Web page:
Clients need to be able to synchronize their local state with that of the operator. However, this process is somewhat non-trivial as clients may be simultaneously connected to multiple plasma chains.
The actual process for synchronizing a client can generally be determined by the client implementer. However, we’re going to go through some recommendations that will ensure that the client is as feature-complete as possible.
Deposit and Commitment Contracts¶
Our plasma construction makes use of deposit contracts that store the assets that users transact on the plasma chain. These deposit contracts act like their own individual plasma chains. For example, the range
(0, 100) will be valid on two different deposit contracts but will refer to different assets.
Furthermore, we’re generally using a single deposit contract per asset type to simplify things for the client. It’s therefore very likely that a client will be interested in transactions on several different deposit contracts. As a result, clients SHOULD be able to send and receive transactions on multiple deposit contracts simultanously.
We’re also using the new concept of commitment contracts that store plasma block commitments instead of throwing all of this logic inside the deposit contract. Each deposit contract points to a specific commitment contract, and it’s possible for multiple deposit contracts to point to the same contract. Therefore a client SHOULD also be able to watch for commitments to multiple commitment contracts and SHOULD maintain a mapping between commitment contracts and deposit contracts.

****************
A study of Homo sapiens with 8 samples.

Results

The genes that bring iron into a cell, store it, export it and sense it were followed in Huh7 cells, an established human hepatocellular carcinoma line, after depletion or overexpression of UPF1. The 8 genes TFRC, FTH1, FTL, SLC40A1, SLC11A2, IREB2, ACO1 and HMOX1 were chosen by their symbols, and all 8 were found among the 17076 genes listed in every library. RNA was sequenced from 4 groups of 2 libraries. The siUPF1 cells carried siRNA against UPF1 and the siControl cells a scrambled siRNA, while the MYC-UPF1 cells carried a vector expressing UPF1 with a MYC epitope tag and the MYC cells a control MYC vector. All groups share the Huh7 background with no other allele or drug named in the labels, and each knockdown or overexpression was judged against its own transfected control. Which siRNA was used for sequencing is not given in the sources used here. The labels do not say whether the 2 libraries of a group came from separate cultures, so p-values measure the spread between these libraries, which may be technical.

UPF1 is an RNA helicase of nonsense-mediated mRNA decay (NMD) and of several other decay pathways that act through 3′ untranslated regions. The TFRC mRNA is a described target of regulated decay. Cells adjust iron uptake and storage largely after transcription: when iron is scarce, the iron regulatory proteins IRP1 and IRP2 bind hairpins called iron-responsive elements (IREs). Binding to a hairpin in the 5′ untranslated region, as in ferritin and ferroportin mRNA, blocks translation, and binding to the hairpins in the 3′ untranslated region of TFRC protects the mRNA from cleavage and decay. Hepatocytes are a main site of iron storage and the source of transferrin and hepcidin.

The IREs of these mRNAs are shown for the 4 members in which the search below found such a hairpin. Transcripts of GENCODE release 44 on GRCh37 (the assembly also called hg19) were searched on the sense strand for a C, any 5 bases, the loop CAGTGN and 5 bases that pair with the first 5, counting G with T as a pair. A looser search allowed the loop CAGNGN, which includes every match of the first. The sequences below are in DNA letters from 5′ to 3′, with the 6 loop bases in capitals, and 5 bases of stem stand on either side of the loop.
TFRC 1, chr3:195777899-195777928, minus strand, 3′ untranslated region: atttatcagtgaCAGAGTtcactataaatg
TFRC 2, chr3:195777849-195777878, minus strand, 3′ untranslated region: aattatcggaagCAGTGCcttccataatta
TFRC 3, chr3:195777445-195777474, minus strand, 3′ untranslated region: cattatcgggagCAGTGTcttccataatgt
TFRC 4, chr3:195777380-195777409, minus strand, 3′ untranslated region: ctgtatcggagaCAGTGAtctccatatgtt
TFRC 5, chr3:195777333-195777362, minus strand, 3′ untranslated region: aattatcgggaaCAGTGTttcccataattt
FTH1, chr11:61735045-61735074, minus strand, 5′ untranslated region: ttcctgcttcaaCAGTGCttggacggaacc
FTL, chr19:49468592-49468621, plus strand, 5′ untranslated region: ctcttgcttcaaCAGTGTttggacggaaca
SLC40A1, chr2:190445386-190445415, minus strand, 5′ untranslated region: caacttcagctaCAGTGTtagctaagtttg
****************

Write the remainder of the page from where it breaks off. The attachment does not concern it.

Transactions are unique to a given deposit contract, but blocks are unique to a commitment contract. For each commitment contract the client is interested in, clients SHOULD watch for new blocks being published to Ethereum.
It’s important to note that, unlike in previous plasma constructions, there’s no easy way for an operator to tell that a given address will be interested in a specific transaction. Instead, clients SHOULD, upon seeing the publication of a new block, send a `state query`_ to the operator for all state updates the client is interested in.
For example, imagine we have a predicate that allows anyone to mutate a state object as long as they have the pre-image to some hash. Without the pre-image, the operator has no way to know which user “owns” that state object. A client would have to specifically form a query for all state objects that use that predicate and lock the state object with a specific hash.